Right violations increase in Turkish prisons as inmates forced to quarantine for months in unsanitary cells

Photo by Matthew Ansley on Unsplash

Major violations of prisoners’ rights have been occurring in large quarantine cells, where up to 30 inmates are forced to live together for months, Vedat Ece from Independent Lawyers’ Association (ÖHD) claimed.

Speaking to the Evrensel news website, Ece said two regular cells in İstanbul’s Silivri Prison were turned into quarantine cells. “One of the cells is for quarantining new arrivals, and the other is for quarantining inmates who were taken to court or the hospital,” he said. According to Ece, the cells had enough room for 30 people, and the prison administration did not start official quarantine periods until the cells were full.

“Normally inmates are required to quarantine for two weeks,” he said, “but the prison administration does not start the process unless there are 30 prisoners in the cell. This causes some inmates to spend months in these cells waiting for the quarantine to officially start.”

Ece added that inmates who had been quarantining for months kept coming in contact with new inmates because of this system, putting their health in jeopardy.

According to Ece, prison personnel said they were simply carrying out orders from the Ministry of Justice. Inmates could stay up to a year in a quarantine cell if it had not reached full capacity.

Ece stressed that conditions in these cells were unsanitary and that the inmates were not provided with cleaning products to disinfect the quarters.

He said he interviewed inmates in Silivri Prison, notorious for its large number of political prisoners, where he found that inmates were not allowed sports, cultural activities or any kind of socialization during the long months of quarantine.

“Inmates cannot even access their mail,” Ece said, “and the prison administration has not responded to inmates’ petitions asking for better conditions.” He added that the prison administration also refused to talk to ÖHD about improving conditions.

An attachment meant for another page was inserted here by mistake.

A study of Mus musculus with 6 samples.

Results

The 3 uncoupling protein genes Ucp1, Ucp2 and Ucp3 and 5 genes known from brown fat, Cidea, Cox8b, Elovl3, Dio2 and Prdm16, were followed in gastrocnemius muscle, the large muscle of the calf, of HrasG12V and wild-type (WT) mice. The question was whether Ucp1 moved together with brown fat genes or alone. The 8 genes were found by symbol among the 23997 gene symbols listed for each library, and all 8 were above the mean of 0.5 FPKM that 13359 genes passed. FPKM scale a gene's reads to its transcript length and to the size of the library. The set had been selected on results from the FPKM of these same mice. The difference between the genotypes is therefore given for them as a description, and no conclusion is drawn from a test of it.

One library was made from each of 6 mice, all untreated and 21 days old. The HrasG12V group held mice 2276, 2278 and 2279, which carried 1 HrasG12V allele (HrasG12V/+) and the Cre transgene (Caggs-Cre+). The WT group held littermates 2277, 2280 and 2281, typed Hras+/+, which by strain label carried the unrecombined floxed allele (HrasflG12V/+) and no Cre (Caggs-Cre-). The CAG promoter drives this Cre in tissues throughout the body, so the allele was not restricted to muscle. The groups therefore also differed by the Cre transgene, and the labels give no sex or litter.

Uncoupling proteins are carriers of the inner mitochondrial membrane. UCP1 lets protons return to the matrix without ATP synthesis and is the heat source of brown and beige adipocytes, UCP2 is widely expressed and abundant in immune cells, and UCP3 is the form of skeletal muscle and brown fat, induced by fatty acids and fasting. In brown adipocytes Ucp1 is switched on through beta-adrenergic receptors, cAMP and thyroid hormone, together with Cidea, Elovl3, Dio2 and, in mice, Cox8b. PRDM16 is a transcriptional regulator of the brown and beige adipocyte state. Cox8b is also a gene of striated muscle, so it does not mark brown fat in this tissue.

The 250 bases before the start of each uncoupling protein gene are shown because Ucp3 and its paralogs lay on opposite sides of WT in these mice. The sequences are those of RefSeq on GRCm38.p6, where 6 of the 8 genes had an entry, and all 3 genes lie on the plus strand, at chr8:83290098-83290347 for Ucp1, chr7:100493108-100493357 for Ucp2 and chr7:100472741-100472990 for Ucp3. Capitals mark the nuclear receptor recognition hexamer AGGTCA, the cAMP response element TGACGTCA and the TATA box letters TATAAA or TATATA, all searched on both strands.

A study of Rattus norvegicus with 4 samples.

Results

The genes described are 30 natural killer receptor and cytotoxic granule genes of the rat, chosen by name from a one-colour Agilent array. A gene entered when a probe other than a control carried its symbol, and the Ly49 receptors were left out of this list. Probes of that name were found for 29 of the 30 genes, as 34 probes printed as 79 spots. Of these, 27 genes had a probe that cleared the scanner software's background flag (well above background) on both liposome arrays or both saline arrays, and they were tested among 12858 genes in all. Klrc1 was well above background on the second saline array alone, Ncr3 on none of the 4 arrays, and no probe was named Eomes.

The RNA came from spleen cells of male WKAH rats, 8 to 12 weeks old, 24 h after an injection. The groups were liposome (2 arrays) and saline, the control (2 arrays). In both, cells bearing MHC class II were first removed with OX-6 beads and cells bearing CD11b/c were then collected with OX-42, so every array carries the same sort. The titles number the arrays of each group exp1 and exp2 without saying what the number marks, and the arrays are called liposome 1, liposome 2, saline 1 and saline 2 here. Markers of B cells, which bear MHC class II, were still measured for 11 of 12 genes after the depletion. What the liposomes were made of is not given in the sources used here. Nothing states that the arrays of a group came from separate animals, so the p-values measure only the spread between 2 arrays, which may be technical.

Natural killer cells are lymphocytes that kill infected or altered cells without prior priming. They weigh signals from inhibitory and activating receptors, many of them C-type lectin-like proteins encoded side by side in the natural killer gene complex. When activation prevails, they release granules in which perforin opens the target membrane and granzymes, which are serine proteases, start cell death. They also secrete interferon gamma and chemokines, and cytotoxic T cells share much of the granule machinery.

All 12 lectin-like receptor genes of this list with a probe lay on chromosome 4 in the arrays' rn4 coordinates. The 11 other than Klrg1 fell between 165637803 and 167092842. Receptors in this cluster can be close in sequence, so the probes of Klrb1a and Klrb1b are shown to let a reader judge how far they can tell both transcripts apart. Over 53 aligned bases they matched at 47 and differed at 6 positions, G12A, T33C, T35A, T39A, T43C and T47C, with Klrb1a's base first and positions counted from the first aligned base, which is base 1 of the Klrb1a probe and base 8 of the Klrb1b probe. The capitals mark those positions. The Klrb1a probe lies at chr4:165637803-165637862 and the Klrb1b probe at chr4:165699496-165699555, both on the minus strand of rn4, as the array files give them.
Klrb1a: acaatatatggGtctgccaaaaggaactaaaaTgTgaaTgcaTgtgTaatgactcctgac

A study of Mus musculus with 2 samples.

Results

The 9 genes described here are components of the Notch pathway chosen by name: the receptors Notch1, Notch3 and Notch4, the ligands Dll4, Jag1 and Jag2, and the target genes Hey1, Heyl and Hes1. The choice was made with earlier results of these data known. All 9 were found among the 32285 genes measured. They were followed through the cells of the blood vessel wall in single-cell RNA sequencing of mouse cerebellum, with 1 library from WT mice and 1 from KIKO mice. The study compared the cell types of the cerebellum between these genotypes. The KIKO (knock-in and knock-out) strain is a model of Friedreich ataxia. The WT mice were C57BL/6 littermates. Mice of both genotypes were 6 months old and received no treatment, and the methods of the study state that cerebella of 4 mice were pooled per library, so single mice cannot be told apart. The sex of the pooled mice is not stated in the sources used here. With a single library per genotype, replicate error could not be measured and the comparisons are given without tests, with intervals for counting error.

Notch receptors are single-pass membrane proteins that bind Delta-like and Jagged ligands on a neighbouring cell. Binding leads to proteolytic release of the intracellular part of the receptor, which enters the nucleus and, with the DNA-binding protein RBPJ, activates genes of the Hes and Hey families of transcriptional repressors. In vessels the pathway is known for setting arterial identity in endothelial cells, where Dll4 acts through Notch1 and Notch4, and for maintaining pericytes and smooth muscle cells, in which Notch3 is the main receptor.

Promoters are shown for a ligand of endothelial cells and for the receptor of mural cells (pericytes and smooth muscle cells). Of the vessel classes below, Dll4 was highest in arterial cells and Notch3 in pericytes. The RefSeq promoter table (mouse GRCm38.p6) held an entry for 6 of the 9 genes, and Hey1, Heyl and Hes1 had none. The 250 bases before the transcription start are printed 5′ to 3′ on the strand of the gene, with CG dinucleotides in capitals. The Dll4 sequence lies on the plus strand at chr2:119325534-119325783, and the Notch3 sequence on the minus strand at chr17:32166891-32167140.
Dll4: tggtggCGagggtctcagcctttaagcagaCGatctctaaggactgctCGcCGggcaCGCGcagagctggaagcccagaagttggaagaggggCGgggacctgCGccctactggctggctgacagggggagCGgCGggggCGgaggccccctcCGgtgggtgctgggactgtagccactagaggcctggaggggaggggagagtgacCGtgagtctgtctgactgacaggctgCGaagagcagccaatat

In addition to these problems, inmates do not have access to doctors, dentists and sometimes even hot water, said Ece. He claimed that inmates in pain were treated haphazardly with antibiotics and painkillers.

Inmates with preexisting medical conditions also have been experiencing difficulties in accessing healthcare. “An inmate in Metris Prison in İstanbul had experienced some paralysis, and his medical report stated he needed surgery,” Ece said. “However, it is not clear when the surgery will take place, and he is kept in prison in that state.”

Other inmates have also complained about the long quarantine periods in prisons and their inability to access proper healthcare.

Prison quarantine cells came under intense scrutiny by human rights activists and opposition politicians a few weeks ago after post-mortem photographs of a former police officer who died in prison were made public.

Mustafa Kabakçıoğlu, 44, was found dead in a quarantine cell in a prison in the Black Sea city of Gümüşhane. The photographs shed light on the unsanitary conditions in which he was forced to live. They also showed he was sleeping on a mattress underneath the stairs.

Kabakçıoğlu suffered from multiple health problems including diabetes and asthma and was taken to a quarantine cell because he was coughing excessively. A week later he died alone in the same cell, and the conditions surrounding his death are still unclear.

Following a coup attempt in 2016, the Turkish government declared a state of emergency and launched a massive crackdown on followers of the Gülen movement under the pretext of an anti-coup fight. Over 540,000 people were detained on terrorism-related charges, more than 80,000 were arrested or imprisoned, and in excess of 150,000 public servants, including 4,156 judges and prosecutors, were removed from their jobs for alleged membership in or ties to “terrorist organizations.”

The Turkish government accuses the Gülen movement, a faith-based group inspired by Muslim cleric Fethullah Gülen, of masterminding coup attempt and labels it a terrorist organization. The movement strongly denies involvement in the failed coup or any terrorist activity.

The massive purge has led to an overcrowding of Turkey’s prisons and exacerbated rights violations.

Turkey’s parliament passed a law in April that allowed the release of tens of thousands of prisoners to ease overcrowding in prisons and protect detainees from COVID-19. The bill excluded those imprisoned on terrorism charges.

Amnesty International and 26 other rights groups and civil society organizations from Turkey and around the world released a joint statement in March calling for the release of Turkey’s political prisoners, particularly those with a high risk of complications due to COVID-19, caused by the novel coronavirus.

The statement echoed previous calls on the Turkish government by rights defenders to relieve the overcrowded prisons and protect the lives of prisoners who are at high risk of infection. “In Turkey, anti-terrorism legislation is vague and abused in trumped up cases against journalists, opposition political activists, lawyers, human rights defenders and others expressing dissenting opinions,” the statement said.